Makuta (drum)


They are used in sacred dance-drumming ceremonies associated with the descendants of slaves brought to Cuba from Central Africa. Makuta (drum)_sentence_1

The word makuta is also used to refer to the dancing and rhythms associated with these drums. Makuta (drum)_sentence_2

Construction Makuta (drum)_section_0

Makuta drum construction has a number of regional variations, but the ensemble usually consists of only two drums. Makuta (drum)_sentence_3

Generally, all are created from wooden staves, similar to the way a barrel would be constructed. Makuta (drum)_sentence_4

Both sizes have a goat skin head at the top of the drum and are open on the opposite end. Makuta (drum)_sentence_5

They are commonly around 1 meter in height and their heads vary from approximately 30 cm to 40 cm in diameter. Makuta (drum)_sentence_6

The large lead drum is known variously as caja, nsumbi, or ngoma and is usually barrel shaped. Makuta (drum)_sentence_7

Its head is attached with a tensioning system of metal rods, usually known in English as “lugs.” The smaller drum known as segundo, salidor, or kundiabata, is cylindrical and has the skin attached with tacks, thus requiring it to be tuned by a flame or other heat source. Makuta (drum)_sentence_8

The researcher Fernando Ortiz was told by interviewees that a cord-tensioning system was used prior to metal lugs, and this system was more recently documented in other regions by the Cuban music research institute known as CIDMUC (see references below). Makuta (drum)_sentence_9

Makuta drums are often adorned with painted symbols of the cabildo to which they belong, or even Cuban national symbols. Makuta (drum)_sentence_10

They are played while standing and are sometimes attached to the player with a rope around the waist in order to lean the drum slightly forward. Makuta (drum)_sentence_11

Both drums are played with the hands and the lead drummer sometimes wears shakers on his wrists, a practice also common in yuka and rumba drumming. Makuta (drum)_sentence_12

History Makuta (drum)_section_1

Makuta drums are associated with Cuban cabildos that claim Bantu or Congo ancestry (i.e., from Central Africa). Makuta (drum)_sentence_13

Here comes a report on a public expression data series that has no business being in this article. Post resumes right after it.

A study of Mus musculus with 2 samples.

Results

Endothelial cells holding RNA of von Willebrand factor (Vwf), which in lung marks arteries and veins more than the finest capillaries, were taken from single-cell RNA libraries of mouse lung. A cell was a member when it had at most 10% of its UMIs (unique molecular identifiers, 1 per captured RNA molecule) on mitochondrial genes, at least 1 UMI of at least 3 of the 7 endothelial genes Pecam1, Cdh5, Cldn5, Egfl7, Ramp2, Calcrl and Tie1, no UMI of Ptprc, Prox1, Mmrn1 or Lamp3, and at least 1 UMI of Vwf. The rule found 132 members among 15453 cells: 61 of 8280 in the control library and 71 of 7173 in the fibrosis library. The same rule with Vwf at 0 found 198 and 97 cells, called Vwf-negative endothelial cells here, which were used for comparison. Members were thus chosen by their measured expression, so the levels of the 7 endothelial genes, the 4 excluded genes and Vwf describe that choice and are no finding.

There is some uncertainty as to whether or not these drums were historically played in ensembles of three, or if that was a more recent and infrequent addition. Makuta (drum)_sentence_14

Makuta drumming is practiced mostly in the Western provinces of Cuba including Havana and Matanzas. Makuta (drum)_sentence_15

The oldest surviving drums are said to be found in the provinces of Villa Clara, Cienfuegos, and Sancti Spíritus. Makuta (drum)_sentence_16

Social function Makuta (drum)_section_2

Though the rhythms used in makuta vary from place to place, makuta is always a dance-drumming event with sacred significance. Makuta (drum)_sentence_17

The functions of its African antecedents, however, are said to be more ceremonial, possibly to accompany the coronation of kings in the Congo. Makuta (drum)_sentence_18

In Cuba, makuta activities are associated with Congo cabildos and have been called “public religious music”, a reference to its openness compared to other Congo religious practices in Cuba such as Palo. Makuta (drum)_sentence_19

In the instances that they are used for funeral ceremonies, they can be accompanied by the kinfuiti drum, a friction drum similar to the Brazilian cuica but larger. Makuta (drum)_sentence_20

Though historically only practiced in cabildos, after the Cuban revolution a number of Afro-Cuban folkloric groups began to perform makuta for staged performances, recordings, and tourists. Makuta (drum)_sentence_21

Such groups, such as Conjunto Folklórico Nacional de Cuba and Grupo Afrocuba de Matanzas, make use of tumbadoras instead of actual makuta drums. Makuta (drum)_sentence_22


Credits to the contents of this page go to the authors of the corresponding Wikipedia page: en.wikipedia.org/wiki/Makuta (drum).